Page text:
Karl Heiselman, CEO Wolff Olins at Kyoorius Designyatra 2012

“What is your superpower?” Karl Heiselman was on stage at the Kyoorius Designyatra in Goa. Speaking about how he became the CEO of Wolff Olins, he echoed the experiences of many speakers and delegates present there, he talked about a unique quality that helps designers find solutions to the problems they are presented with everyday. The theme for this year’s Designyatra was ‘The Divide’ and the first day was devoted exclusively to digital design. Continuing a conversation that started at last year’s conference, it centered around the question of why designers in India are so uncomfortable in exploiting digital technology?

The internet and the mobile phone have revolutionized communication in India and are changing the cultural landscape of the country, but only for those who have access to technology and can afford it. Technology, or rather, the access to technology, remains one of the big issues in developing economies such as India. Those who have access to it have a clear advantage. Those who donʼt, are left out of mainstream conversations. They become invisible. In many ways new technology that builds on older ideas and heirarchies, simply reinforcing the divide between the haves and have-nots, rather than bridging it. Digital technology and the internet have empowered designers in ways unimaginable even ten years ago, but all too often this is taken for granted. Ironic then, that designers in India are not using these new digital tools to greater effect.

Speaking to fellow delegates after the first round of speakers on the Digital Day, I was left with a sense that people were impressed with the work and ideas on display but they felt it lacked substance. Robert Wong, Chief Creative Officer at Google Creative Lab was the opening speaker and his presentation was used as an example of this divide between style (or ʻchromeʼ) and substance. Those who have access to technology tend to see this chrome as its real value and take the rest for granted. This issue of access to technology was brilliantly brought forward by Arunachalam Muruganantham and Mansukhbhai Prajapati, two rural entrepreneurs who have challenged the establishment and indeed challenged the idea of what this divide is. Their message for designers is simple but important: if you want to create a bridge over the ʻdivideʼ you need to step out of the bubble that access to technology provides you. You have to look at new ways to use existing ideas and tools.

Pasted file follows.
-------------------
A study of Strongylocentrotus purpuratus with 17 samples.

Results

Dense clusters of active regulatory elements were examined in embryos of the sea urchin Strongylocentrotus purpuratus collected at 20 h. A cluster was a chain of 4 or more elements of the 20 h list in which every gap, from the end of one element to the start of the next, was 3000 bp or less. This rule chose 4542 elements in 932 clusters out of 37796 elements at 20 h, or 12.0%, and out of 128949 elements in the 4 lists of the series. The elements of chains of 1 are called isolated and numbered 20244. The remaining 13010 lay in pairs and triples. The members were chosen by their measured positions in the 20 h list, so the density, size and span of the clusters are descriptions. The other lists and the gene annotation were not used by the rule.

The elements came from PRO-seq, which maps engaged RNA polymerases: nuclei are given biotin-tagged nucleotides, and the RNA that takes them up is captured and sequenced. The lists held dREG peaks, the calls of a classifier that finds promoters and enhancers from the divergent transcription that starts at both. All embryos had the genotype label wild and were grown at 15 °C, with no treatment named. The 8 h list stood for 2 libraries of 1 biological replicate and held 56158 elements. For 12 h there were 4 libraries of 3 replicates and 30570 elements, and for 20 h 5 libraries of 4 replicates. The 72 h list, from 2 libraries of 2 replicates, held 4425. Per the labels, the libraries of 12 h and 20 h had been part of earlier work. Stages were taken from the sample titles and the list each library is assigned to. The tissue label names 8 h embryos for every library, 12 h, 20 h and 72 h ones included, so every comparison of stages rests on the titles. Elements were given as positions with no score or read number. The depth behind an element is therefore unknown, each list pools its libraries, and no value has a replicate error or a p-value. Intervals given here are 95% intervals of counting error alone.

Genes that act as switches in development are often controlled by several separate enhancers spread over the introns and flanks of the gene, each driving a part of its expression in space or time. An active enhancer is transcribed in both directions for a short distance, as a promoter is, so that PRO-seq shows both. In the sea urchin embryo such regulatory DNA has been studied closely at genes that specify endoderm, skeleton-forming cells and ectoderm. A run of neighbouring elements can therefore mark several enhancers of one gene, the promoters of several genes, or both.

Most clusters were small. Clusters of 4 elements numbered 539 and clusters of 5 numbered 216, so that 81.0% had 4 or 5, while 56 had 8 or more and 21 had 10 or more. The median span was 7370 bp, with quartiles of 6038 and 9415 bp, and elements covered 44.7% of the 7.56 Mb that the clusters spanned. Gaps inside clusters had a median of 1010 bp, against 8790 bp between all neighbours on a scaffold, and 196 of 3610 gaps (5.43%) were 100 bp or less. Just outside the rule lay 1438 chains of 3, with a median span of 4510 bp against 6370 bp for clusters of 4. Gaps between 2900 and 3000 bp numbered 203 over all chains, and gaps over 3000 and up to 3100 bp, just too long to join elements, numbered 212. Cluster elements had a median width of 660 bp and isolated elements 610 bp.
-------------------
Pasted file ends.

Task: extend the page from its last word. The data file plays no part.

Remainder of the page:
If there is one lesson then, that has come out of this yearʼs Designyatra its that designers are that bridge. Since designers are good at collaborating with people from different fields, by the very nature of what they do and how they work, they are well placed to make the unlikely connections that can create solutions for the most impossible of problems. Collaborations which help accelerate innovation were a common thread in presentations and conversations at Designyatra.

Coming back to Karlʼs question, “What is your superpower?”. For a designer it’s the power to make connections: to connect the dots between technology, ideas, people and places; and to build bridges where others would see just another impossible divide.


* This essay was written as part of the Design Writing workshop hosted by Kyoorius and organised by the British Council at Designyatra 2012 in Goa.